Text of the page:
Al-Ahram Weekly Online   3 - 9 May 2012
Issue No. 1096
Travel
 
Published in Cairo by AL-AHRAM established in 1875

Bird's eye view

Amira El-Naqeeb soars high above the Red Sea Mountains in Ain Sokhna

Click to view caption
the azure blue sea of the Ain Sokhna coast,

Ain Sokhna is considered Cairene's easiest getaway due to its proximity to the city. It takes one hour on the ring road to reach Ain Sokhna ê" exactly 93km ê" where you will find lodging at one of the hotels dotting the Red Sea coast, making it a day-trip destination for Egyptians and foreigners alike.

Ain Sokhna is located against a backdrop of soft chocolate-coloured Red Sea Mountains, a series that begins at Suez and extends to the towns of Halayeb and Shalateen in the southern tip of the Red Sea. From Ain Sokhna to Zaafrana, this part of the Red Sea Mountains is called Jebal Attaqa (Attaqa Mountains). I joined a group of hikers who embarked on a trek amidst these beautiful mountains.

The hiking trip was organised by one of the tourist companies specialising in hiking (www.facebook.com/groups/wetrips/).

Our guide, Hisham Mady, took us to the hiking spot which was 27km after Ain Sokhna toll station. Mady led us through a wide and easy elevation the mountains, and every now and then I would stop to contemplate the contrast between the cinnamon-coloured mountains and azure Red Sea. "This track is mainly used for the maintenance of electricity towers around here," explained Mady. I nodded, but felt the urge to later Photoshop these ugly towers from this picture-perfect setting. Upon reaching the end of the track, on an elevation of almost 500m, there was a very narr ow path for one person at a time with two steep slopes on both sides. We were literally walking on an edge. The rocks were wobbly underneath my feet which was uncomfortable for most of the people, including myself; I tried not to look down. We finished walking on the edge, which was short but nerve-racking.

Then came an extra dose of adrenaline rush: going down a steep slope with a rope. Frankly, it wasn't as bad as it looked; Mady was holding the rope at one end and one of the hikers volunteered to go down sitting then anchored the other end while the others came down. We started going down one by one, holding onto the rope on one side, balancing ourselves on the edge, and then sliding down a rock that took us after a small leap to a plateau top of the mountain. I caught my breath after the excitement and tension, and in preparation for the next stage of the hike.

The view from this part of the mountain was breathtaking; we were enclosed in the heart of the mountain from all sides. Different shades of brown, different rock formations and different altitudes. We looked like small dots on the face of the rocks. The only contrasting colour in this painting was the blue strip of the sea, squeezing its way through this beautiful painting of brown hues.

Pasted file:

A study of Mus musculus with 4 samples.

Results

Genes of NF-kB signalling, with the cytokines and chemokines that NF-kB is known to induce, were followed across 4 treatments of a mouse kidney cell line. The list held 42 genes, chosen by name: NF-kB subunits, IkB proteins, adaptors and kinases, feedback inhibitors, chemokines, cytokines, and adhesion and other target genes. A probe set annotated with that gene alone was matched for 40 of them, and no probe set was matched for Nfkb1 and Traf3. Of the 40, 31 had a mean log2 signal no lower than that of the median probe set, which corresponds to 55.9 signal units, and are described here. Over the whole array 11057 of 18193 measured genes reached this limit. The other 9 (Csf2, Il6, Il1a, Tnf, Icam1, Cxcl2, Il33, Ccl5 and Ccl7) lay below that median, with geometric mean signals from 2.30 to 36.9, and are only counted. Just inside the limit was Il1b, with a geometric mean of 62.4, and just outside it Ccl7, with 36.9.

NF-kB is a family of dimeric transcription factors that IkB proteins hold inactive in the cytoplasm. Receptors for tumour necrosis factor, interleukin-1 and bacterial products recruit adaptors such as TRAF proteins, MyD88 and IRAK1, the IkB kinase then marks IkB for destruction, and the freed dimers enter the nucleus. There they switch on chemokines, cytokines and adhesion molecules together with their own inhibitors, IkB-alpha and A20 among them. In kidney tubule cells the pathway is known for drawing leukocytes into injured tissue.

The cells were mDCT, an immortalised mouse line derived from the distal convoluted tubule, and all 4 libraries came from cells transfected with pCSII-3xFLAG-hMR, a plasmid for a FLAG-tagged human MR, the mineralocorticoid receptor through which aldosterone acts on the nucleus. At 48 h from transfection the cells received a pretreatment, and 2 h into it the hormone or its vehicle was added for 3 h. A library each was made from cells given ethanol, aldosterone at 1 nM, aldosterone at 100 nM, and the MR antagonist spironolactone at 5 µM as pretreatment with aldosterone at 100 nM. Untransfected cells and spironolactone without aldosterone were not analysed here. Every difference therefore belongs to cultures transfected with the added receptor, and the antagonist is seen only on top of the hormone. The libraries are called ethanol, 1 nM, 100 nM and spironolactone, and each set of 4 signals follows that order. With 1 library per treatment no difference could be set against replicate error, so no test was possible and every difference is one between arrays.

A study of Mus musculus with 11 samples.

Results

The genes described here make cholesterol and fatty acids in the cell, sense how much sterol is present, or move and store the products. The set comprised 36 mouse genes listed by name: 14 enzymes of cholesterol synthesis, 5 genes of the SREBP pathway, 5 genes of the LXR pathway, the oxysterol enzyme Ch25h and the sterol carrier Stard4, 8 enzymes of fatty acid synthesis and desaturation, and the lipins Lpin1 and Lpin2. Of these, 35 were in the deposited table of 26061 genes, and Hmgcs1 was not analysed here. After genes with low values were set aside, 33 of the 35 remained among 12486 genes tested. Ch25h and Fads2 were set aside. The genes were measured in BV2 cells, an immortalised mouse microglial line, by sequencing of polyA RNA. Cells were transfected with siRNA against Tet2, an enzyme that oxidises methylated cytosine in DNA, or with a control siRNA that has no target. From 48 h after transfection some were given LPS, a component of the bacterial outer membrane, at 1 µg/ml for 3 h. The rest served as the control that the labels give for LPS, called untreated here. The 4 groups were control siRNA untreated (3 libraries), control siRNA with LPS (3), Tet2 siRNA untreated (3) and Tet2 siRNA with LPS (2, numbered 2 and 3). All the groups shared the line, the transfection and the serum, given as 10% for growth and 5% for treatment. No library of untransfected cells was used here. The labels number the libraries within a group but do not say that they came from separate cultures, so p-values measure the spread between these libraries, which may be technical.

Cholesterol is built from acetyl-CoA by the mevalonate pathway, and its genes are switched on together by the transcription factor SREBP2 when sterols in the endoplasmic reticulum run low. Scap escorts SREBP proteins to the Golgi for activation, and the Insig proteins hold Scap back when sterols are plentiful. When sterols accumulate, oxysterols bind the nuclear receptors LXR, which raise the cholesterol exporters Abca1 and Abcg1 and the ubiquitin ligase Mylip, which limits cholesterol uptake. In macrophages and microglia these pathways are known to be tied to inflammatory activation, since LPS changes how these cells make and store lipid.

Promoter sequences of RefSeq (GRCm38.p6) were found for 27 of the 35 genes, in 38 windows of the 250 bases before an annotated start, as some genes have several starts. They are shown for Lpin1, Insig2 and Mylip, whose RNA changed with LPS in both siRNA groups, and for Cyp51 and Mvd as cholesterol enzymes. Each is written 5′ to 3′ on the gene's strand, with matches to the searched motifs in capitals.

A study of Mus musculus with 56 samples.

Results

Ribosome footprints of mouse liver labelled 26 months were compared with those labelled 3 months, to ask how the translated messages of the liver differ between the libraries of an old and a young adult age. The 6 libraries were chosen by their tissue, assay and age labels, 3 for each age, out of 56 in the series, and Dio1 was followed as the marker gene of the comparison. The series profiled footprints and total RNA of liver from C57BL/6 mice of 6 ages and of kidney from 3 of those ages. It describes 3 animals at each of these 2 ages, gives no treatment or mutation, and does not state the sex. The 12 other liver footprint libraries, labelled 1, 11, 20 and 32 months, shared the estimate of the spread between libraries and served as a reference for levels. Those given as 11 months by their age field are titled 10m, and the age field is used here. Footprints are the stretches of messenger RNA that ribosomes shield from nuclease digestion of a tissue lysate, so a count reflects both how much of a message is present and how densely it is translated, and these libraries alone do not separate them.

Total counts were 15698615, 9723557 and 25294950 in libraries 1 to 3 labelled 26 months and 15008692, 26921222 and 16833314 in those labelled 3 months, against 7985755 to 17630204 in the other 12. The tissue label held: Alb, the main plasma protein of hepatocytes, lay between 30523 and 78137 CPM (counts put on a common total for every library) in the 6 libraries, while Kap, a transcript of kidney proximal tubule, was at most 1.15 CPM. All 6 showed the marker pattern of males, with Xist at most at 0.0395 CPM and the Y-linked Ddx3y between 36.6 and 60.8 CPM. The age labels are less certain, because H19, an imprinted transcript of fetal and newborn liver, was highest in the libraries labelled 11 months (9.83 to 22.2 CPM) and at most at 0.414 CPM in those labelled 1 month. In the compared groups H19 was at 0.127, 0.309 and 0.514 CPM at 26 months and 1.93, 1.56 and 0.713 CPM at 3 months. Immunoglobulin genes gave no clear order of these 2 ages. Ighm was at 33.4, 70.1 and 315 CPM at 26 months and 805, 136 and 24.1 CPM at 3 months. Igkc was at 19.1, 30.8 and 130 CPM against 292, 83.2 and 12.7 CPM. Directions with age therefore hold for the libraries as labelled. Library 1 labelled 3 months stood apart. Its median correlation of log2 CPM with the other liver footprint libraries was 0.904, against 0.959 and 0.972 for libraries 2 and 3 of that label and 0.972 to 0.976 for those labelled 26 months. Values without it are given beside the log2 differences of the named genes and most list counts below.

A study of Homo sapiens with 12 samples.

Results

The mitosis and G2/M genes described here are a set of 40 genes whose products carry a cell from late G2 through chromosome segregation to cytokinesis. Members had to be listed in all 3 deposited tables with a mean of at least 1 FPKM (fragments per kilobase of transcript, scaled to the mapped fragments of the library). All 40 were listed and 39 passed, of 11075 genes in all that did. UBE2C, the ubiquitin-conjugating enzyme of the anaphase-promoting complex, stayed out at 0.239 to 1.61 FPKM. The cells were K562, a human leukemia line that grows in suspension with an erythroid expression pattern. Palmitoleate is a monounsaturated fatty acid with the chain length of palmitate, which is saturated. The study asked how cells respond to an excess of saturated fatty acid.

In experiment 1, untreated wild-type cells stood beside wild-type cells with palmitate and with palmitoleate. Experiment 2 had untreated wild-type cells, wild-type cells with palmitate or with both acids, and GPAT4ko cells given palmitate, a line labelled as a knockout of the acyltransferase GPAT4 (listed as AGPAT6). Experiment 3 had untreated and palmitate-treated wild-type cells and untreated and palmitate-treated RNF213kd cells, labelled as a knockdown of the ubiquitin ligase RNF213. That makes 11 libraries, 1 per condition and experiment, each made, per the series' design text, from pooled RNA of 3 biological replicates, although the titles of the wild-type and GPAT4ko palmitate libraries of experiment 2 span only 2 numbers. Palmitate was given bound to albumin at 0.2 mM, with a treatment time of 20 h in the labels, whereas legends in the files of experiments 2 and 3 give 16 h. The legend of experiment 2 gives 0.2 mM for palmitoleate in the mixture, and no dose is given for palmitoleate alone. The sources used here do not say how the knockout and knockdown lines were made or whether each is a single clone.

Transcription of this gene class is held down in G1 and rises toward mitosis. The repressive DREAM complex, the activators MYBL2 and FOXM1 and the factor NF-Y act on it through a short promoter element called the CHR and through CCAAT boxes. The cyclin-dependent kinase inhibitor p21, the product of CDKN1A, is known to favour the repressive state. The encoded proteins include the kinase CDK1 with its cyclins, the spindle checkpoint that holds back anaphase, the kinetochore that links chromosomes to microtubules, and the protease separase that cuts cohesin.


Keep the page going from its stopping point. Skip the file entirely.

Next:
After every one landed safely on the plateau we took a 15-minute break. I took the time to reflect on how hiking brings out the best in people. It's almost a spirit of chivalry; men taking care of women if they are frightened by the altitude; a friend carrying my bag so I can keep my balance going down the steep slope; a man going all the way up again to help and reassure a girl who suddenly panicked and refused to go down holding the rope; another helping his disabled friend by supporting him physically, and emotionally, during the hike, and not discouraging him from coming on the trip because of his disability.

It is these humane gestures that are perhaps lacking in busy cities where everyone is looking out for themselves, and it is hard to reach out to anyone. Sometimes you have to return to nature to restore your faith in human beings, and once again believe there are still people who are not preoccupied with themselves.

We started moving again. Our next destination was a small valley between the mountains where we will have lunch since this is a short picnic hike. "To go to the valley, we have to take this route back again, which means using the rope to go up," said Mady with a big grin on his face. (But it turned out that going up was easier than going down, and I almost didn't need the rope for balance. Walking on the edge, however, was still unnerving.) The minute the tiny narrow track intersected with a big one we turned right and arrived at the so-called "valley".It wasn't exactly a valley because it is perched high on top of one of the mountains; it was just a spacious plateau-top of a mountain carved in a crescent shape to give a sense of a traveler's oasis. We spread our picnic out, tuna, noodles, fresh fruit and bread, as Mady began heating up water on an easy-to-ignite camping stove. We took turns pouring hot water on our noodles and later made tea.

We sat in a circle, eating, chatting and sharing our food. Most of the hikers were first-timers and we almost all agreed that it was an easy hike. Julien Congretel, an experienced hiker from France who was in Egypt for the first time, said that it was not a physically demanding hike, but for people who suffer from vertigo it would be uncomfortable because we walked on an edge with slopes on both sides. Remi Boutant, also from France, said that this was his first hike and he enjoyed it very much ê" although climbing the cliffs was harder than he thought.After finishing our meal we took a walk and watched the horizon painted by the sun as it readied to set and bid us farewell. We packed our things, including our trash since responsible tourism mandates 'Take nothing with you; leave nothing behind'. On our way back, we drove 15 minutes to Porto El-Sokhna in the direction of Hurghada where there are several cafes, restaurants and restrooms.

It was a one-day trip and the total hiking distance was 7km.